Local Identities

Harry Scheutjens (1922 – 1999)

Written by Harry Scheutjens’ daughter, Anny-Maria Gardiner, from material gathered by his grandson Jason Scheutjens.

Hendrikus Peter Scheutjens was born in 1922 in a farming district in southern Holland to Martinus, a council worker, and Johanna Scheutjens (nee Van Hoof).

After Mass every morning Harry attended a public boys’ school run by brothers (monks). He left school at 14 and by the age of 15 worked as a weaver at a woollen textile factory, a job he had for a total of eleven years. In 1942 while he was working at the factory army authorities from Germany chose Harry and 22 other workers against the boss’s wishes to be sent as slave labour to Germany to work in a Junker aeroplane factory. In 1943 he was given the job of sandblasting engine parts, from which he developed diphtheria. The Germans put a tag on his clothing and put him out on the streets to make his own way to hospital. After three months in hospital the authorities tried to put Harry to work again but he was so weak that he was sent back to Holland to recuperate for six weeks. Two weeks into his return, his future brother-in-law sought the help of the Dutch resistance movement and Harry was hidden by members of that fraternity until August 1944.

After the war, Holland suffered severe financial depression. In July 1946 Harry married Bertha De Ruijter, also of Geldrop. They had four children under four years of age and Harry was working one week in three at the textile factory. Depressed conditions and bad war memories led Harry to seek migration to Canada. Canada did not require his skills so he was given the choice of South Africa or Australia.

In November 1952, Harry, Bertha and their four children, Martin, Tony, Christina and Johannna boarded the ship Johan Van Oldenbarnevelt in Amsterdam, destined for the Bonegilla Camp in Melbourne. The ship had 2000 people on board all migrating to Australia. They arrived in Fremantle on 7 December 1952 and were requested to disembark because the Bonegilla Camp was full. Harry’s first impression of Australia was ‘very dry and millions of flies everywhere’.

The family first moved to Northam and lived in an old Army holding camp, where Harry worked on the railways. After about a year Harry thought he would try to find a house for his family so he moved to Toodyay, where he worked on a sheep farm for sixteen months before going to work on a dairy farm in Burekup for a Mr Reading for a year. From there he went to Roelands and laid bricks for Mr Rosema then on to Collie and worked with Peter Krikke, all the while looking for a comfortable residence for his family.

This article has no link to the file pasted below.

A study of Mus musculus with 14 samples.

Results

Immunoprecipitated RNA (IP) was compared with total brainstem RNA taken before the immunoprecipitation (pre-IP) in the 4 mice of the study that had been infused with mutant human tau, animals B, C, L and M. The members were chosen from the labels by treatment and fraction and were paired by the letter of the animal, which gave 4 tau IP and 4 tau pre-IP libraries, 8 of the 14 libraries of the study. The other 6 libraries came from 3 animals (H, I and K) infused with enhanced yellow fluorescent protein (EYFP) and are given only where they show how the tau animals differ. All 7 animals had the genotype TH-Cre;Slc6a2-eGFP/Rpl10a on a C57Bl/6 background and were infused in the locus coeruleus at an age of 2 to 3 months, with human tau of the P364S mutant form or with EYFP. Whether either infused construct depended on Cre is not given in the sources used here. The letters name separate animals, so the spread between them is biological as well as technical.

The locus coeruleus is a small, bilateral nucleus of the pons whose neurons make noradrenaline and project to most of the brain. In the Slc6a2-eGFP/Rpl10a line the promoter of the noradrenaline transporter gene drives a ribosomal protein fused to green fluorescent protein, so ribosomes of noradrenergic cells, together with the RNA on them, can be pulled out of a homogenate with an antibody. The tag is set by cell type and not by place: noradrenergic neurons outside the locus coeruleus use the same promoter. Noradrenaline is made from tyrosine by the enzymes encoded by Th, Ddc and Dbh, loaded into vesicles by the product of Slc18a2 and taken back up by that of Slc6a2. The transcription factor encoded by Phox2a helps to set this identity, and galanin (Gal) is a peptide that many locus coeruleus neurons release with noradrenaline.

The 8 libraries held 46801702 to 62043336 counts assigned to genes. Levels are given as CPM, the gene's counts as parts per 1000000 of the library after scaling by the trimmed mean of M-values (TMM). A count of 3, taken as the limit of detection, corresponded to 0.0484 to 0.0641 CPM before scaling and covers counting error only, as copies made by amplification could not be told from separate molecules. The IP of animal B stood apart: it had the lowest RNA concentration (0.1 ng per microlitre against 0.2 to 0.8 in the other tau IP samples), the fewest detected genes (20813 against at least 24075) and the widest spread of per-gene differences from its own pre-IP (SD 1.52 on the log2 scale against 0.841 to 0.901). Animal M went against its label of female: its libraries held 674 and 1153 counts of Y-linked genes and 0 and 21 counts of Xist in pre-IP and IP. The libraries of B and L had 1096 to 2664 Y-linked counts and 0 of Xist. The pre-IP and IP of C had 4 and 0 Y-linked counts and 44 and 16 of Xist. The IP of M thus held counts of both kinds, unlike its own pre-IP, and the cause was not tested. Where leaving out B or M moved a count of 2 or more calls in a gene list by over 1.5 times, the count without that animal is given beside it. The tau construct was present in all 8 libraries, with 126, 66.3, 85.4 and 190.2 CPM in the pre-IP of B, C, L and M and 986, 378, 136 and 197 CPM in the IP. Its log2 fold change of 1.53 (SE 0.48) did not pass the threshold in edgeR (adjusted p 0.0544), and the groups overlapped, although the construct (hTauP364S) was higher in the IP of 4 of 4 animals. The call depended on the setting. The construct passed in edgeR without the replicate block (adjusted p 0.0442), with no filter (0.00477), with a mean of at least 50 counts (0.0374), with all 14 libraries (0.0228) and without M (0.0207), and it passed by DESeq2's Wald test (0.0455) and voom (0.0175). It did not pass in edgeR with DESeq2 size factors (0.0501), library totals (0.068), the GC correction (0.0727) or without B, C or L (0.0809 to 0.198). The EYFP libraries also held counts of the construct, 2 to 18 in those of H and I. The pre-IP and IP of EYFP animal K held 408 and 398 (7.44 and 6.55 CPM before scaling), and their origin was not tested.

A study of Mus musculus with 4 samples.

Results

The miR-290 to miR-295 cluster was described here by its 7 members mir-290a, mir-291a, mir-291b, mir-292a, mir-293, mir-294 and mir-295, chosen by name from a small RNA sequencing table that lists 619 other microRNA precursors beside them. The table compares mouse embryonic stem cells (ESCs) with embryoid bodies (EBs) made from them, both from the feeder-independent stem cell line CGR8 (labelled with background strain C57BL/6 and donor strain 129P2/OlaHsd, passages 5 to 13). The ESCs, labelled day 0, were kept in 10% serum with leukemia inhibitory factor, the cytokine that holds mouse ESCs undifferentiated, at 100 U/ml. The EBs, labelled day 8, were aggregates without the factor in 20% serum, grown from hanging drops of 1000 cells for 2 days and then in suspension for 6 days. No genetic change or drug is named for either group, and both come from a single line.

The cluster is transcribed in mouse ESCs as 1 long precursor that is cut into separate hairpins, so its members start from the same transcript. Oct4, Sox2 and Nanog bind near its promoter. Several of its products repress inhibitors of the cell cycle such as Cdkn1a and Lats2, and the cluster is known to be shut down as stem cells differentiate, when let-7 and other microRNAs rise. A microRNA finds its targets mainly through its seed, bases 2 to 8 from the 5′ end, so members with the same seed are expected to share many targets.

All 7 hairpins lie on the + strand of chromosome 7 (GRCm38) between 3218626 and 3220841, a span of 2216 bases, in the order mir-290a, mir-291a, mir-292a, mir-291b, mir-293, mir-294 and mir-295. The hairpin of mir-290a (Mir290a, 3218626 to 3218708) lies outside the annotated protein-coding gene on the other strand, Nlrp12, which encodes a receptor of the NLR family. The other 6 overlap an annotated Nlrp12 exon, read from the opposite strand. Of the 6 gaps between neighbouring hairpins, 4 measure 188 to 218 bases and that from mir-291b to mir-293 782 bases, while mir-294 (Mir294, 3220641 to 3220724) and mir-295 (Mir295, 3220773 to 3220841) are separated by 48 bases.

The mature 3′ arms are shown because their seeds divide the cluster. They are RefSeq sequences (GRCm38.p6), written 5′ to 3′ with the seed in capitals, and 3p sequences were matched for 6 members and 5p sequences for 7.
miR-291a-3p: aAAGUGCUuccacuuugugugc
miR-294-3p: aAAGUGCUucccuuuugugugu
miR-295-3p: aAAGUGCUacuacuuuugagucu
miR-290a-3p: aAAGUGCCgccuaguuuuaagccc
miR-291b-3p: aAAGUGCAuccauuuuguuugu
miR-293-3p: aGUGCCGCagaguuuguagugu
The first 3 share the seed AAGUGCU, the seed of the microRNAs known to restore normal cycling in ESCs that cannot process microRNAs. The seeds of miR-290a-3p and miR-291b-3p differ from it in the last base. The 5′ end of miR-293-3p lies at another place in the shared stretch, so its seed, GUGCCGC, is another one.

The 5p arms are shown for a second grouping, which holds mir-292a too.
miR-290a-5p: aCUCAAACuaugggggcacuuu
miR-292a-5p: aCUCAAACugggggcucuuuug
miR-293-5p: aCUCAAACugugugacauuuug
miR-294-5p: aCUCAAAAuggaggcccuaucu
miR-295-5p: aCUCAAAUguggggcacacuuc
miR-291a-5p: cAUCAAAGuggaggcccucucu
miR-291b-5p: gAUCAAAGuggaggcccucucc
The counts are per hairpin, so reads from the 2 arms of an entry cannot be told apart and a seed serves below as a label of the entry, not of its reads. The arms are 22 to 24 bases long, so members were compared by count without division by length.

The family moved to Tallanalla and Harry worked for the Forestry Department for two years. Some neighbours and friends of the late 1950s that the Scheutjens family remember were – Uncle Ned Leahy, his brother Joe and his son Gerry, Mr & Mrs Chitty, Nan & Pop Stewart, the Len Miller family and son Keith, Alf Bates and Terry, Bert Meyers – store shed supervisor and truck driver, Bill Hancock and family, Les, Betty, Pam & Jean Kirchener, Johannes & Gerarda Strik and their children, Adrian, Elly, Lenneke (Helen), Gerarda, Maria, Jenny & Henry, Millie Hutchinson, Jack & Beverley Marshall and son Mickey, Charlie who cooked them spaghetti, Wally Bols – the grader driver, Arthur & Jo Holland, the Catchpole family, Barnie & Helen Quicke, Mr & Mrs Bill Edwards, Mr & Mrs Joe Ottober, Herb & June Guthrie, Jack & Mary Coghlan, Bernie Kelly and Sam Zeeman.

Harry remembered the day when Mr Strik and Adrian were taking him and Martin to church in Harvey when the Dodge ute (Registration H 396) rolled over on Clarke Road while Martin and Adrian were on the back. Harry was in the front and when the vehicle rolled over it pinned his hand under the ute, so Martin and Adrian ran back to Tallanalla for help. The news was printed in the CALM newsletter that week. The family moved on to Treesville for seven months, then Hoffman Mill which closed down three weeks later.

In 1958 the family moved to Third Street in Harvey where they remained for 21 years. Harry had a job working as a dairy-hand/gardener for Chris and Pina Lethridge, and with the job came the house they all grew to love. During this time, Harry helped Father Kenny with the building of the new Catholic Church in Hester Street. Harry was a strict Catholic and the priest was often at the dinner table on Sundays.

Harry, Bertha and the four oldest children were naturalised as Australian citizens in 1962.

After the death of his youngest son Johnny in 1979, Harry felt that his work had no meaning so he threw in his job, sold the household furniture and lived with his children. Harry found employment at Harvey Beef in the freezer department until he retired a year later. His last job was as the green-keeper at the Harvey Bowling Club and he enjoyed his work so much that the Harvey bowling greens became the best in the state.

He died in the Bunbury Nursing Home in 1999 and is buried with Johnny in Harvey.